So you could argue that Janie is not to be praised or pitied. She searches for the horizon as it illustrates the distance one must travel in order to distinguish between illusion and reality, dream and truth, role and self. She begins dating Tea Cake despite critical gossip within the town. Nanny continually emphasized that love was something that was bound to happen after those needs were met; even though Nanny never married. The play first aired on February 19, 2011.
Because Janie strives for her own ind … ependence, others tend to judge her simply because she is daring enough to achieve her own autonomy. Dust Tracks on a Road: An Autobiography. In the novel, Their Eyes Were Watching God, Janie suffered through many difficult situations that eventually enabled her to grow into an independent person. Sam states that nature helps us avoid dangerous situations explaining that our natural instinct helps us survive. He doesn't try to force Janie to be anything other than herself, and he treats her with respect.
Meanwhile, reviews of Hurston's book in the mainstream white press were largely positive, although they did not translate into significant retail sales. Review in New Masses, October 5, 1935. When Jody insults her appearance, Janie rips him to shreds in front of the townspeople, telling them all how ugly and impotent he is. The town's critique at the very beginning of the novel demonstrates that it is considered undignified for a woman of Janie's age to wear her hair down. But when Tea Cake, a man twelve years her junior, enters her life, Janie immediately senses a spark of mutual attraction. Turner, the bigoted restaurant owner, judges Janie.
Each stage in Janie's life was a shaping moment. She describes it as a sexual experience and imagines that would be what love and marriage would be like. Hurston's life in Eatonville and her extensive anthropological research on rural black folklore greatly influenced her writing. This method is very beneficial to those reading Zora Neale Hurston's text because of the simple symbols such as the porches, trees, and the horizon that may be overlooked. When analyzing his name, it is evident that the word stark is an essential clue.
Janie's three men are all very different, yet they were all Janie's husband at one point in her life. It could be a reference to the Hebrew name for Satan, Beelzebub. With Nanny, her caring grandmother, Janie experiences a love that is protective. For some, it comes easy and happens early in life. The man works and makes the money.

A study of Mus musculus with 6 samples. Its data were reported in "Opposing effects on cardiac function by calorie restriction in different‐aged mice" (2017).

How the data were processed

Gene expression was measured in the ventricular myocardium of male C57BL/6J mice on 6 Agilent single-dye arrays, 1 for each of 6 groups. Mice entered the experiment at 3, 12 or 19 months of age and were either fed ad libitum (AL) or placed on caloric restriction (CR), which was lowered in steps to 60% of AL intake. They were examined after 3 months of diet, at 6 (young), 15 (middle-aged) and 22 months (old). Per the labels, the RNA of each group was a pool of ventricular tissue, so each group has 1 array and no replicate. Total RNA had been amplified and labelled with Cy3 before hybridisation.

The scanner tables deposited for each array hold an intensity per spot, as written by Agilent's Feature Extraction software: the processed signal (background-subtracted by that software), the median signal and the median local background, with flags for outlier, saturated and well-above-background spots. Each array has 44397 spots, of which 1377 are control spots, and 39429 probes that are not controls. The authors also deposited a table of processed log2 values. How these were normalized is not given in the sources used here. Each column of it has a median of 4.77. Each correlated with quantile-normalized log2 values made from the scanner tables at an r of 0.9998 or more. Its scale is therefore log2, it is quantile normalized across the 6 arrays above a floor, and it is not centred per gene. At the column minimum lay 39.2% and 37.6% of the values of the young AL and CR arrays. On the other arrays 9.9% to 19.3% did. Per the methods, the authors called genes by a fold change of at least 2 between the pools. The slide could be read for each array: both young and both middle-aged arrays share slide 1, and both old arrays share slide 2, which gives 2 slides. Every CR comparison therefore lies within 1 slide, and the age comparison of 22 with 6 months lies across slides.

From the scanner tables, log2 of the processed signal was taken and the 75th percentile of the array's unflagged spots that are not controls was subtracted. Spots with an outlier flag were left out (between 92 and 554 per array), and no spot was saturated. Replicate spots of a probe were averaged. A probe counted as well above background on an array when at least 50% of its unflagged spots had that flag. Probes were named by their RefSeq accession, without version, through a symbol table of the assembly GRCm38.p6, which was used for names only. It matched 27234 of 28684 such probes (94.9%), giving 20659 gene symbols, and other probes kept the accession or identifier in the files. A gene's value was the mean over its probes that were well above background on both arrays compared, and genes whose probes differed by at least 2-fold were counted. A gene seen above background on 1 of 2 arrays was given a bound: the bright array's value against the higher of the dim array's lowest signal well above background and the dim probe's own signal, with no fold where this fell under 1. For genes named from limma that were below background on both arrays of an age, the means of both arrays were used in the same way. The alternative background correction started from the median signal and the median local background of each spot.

Another symbol is the gate that she kisses Johnny Taylor over. Wedding herself to Joe Starks brought her closer to others, than to herself. He asks her to run the store, but forbids her from participating in the substantial social life that occurs on the store's front porch. This is exactly what Janie did - she journeyed on the horizon. Three years later, she enrolled at Howard University and began her writing career.
Which of the rhetorical questions remain unanswerable? Bernard also brings forth the idea that Janie's construction of selfhood blossoms when Tea Cake, her third husband, allows her to participate in experiences unimaginable to her. He elects to stay in the house, sleep, and depend on luck. She deals with personal relationships as well as searches for self-awareness. They look towards God because only His will matters. Janie isn't a strong swimmer and Tea Cake has to hold her up.
Her strength and independence grow as Joe becomes weaker. She thought of love just as she thought of the elements of springtime: Sunny days, bright skies, a bee pollinating pear tree blossoms. The strength of the rushing water can knock any one person aside easily, and this illustrates the power that God and nature possess over human beings. We bend which ever way he blows. Deciding to run away with him, Janie has a friend look after the store, and the two head to to marry.
Janie yearns to experience true love, as well has have a sense of self worth. The novel is titled the Bluest Eye because of the predominate theme of the socialy comformed idea of beauty. It is also representative of the folkloric nature of Hurston's writing. Often, pride can lead to wrongdoing that is then recognized and regretted. After almost two decades of marriage, Janie finally asserts herself. During a huge party, a hurricane starts and begins to break up the party due to its severity. These writers created seminal works of American literature and gave credibility to the burgeoning American literary tradition.